Police Stop Protest at Senate Building
Wednesday, September 27, 2006
The quiet, sunny atrium of the Hart Senate Office Building was transformed into a chaotic scene yesterday when dozens of war protesters filed into the lobby, formed a prayer circle, shouted Scripture and eventually were arrested as Senate staffers hung over railings and crammed glass-walled offices to watch.
Employees in the building and longtime area activists said they had never seen police allow such a demonstration in a government office building, with activists one and two stories up reading the names of the Iraq war dead, civilian and military. The names rang loudly through improvised megaphones into the building's open center. Dozens of police streamed into the atrium and arrested about 35 people, including Rick Ufford-Chase, who until recently was a top official of the Presbyterian Church (USA).
"I've been working here nine years, and I've never seen this much police activity -- except during the anthrax scare," said an employee who did not give his name because he said he had not been authorized to talk to the media.
Sgt. Kimberly Schneider, a spokeswoman for the U.S. Capitol Police, said: "We don't encourage people to demonstrate in the buildings. . . . I'm not aware of anything unusual about how it was handled on our end."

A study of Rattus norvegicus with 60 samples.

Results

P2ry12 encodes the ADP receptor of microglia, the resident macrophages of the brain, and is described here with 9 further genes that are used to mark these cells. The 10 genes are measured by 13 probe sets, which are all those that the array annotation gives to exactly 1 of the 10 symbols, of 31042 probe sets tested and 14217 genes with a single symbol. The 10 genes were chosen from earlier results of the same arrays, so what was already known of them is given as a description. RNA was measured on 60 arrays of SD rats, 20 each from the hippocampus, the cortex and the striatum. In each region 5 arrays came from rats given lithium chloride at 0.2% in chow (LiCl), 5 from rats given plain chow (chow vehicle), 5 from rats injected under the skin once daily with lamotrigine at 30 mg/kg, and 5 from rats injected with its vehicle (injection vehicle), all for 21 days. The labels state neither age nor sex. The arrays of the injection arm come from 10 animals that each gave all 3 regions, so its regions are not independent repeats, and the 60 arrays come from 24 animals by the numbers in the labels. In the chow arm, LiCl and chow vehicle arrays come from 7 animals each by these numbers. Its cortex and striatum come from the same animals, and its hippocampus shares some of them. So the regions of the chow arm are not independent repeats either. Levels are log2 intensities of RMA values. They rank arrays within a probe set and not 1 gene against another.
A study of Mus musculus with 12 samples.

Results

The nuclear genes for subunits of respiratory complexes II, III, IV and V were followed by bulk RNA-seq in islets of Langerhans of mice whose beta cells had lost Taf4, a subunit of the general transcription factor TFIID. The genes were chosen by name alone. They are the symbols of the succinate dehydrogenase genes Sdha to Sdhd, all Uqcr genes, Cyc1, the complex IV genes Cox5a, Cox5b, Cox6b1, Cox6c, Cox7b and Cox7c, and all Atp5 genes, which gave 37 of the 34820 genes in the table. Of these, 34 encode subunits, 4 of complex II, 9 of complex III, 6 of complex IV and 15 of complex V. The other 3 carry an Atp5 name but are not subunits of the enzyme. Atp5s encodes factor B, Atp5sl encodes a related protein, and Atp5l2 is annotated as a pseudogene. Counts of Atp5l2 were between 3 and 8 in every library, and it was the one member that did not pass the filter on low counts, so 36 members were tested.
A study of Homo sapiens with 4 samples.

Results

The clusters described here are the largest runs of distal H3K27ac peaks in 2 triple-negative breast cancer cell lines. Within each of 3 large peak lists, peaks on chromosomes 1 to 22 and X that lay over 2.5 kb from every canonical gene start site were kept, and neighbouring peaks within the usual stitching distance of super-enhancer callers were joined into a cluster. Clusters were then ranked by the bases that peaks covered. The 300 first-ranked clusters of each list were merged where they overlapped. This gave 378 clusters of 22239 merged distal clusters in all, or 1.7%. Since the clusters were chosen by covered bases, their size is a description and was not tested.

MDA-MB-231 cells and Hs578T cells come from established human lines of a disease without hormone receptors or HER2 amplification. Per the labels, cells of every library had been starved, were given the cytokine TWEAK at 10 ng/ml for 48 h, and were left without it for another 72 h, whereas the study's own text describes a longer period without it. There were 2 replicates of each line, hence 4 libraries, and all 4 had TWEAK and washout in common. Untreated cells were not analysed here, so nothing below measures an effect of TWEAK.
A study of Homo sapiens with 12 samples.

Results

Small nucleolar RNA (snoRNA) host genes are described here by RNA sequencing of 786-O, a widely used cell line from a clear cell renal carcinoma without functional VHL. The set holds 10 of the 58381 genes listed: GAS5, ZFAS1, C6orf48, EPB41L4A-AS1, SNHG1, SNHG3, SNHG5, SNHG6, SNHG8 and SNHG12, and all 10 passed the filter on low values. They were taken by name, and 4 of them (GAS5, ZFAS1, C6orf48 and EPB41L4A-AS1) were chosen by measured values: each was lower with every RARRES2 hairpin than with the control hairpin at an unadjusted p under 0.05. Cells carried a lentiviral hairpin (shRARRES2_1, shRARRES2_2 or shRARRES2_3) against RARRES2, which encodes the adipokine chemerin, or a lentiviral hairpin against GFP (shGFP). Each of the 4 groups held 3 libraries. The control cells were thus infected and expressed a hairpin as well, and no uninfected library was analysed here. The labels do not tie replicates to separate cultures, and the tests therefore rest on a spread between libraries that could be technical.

Thirty-five additional antiwar demonstrators were arrested yesterday around the U.S. Capitol in related protests. Hundreds of antiwar actions have taken place across the country this week as faith-based and other groups push for a timetable for the United States to leave Iraq. Thirty-four people affiliated with the umbrella organization coordinating this week's efforts, Declaration of Peace, were arrested Thursday after they refused to leave the White House without talking with President Bush.
Although leaders of major U.S. denominations have spoken against the Iraq war since it began, such proclamations are becoming louder and more prominent.
"Today was the first time national-level leaders were participating -- not just themselves but calling on members of denominations to join them," said Gordon Clark, coordinator of the D.C.-based National Campaign for Nonviolent Resistance. "And there's a big difference between going to a protest and putting your body on the line and resisting arrest. And that's what they haven't been doing before."
Participating yesterday was Rabbi Arthur Waskow, head of an interfaith dialogue center in Philadelphia and a leader of the Jewish Renewal movement. Arrested in addition to Ufford-Chase was the Rev. Jackie Lynn, president of the Chicago-based Episcopal Peace Fellowship.
Senate staffers watching the demonstration showed neither support nor opposition, simply gawking and taking photos with their cellphones as protesters below sang "We Shall Overcome," read from the Book of Jeremiah and lay on the cold floor as police filed in with plastic handcuffs.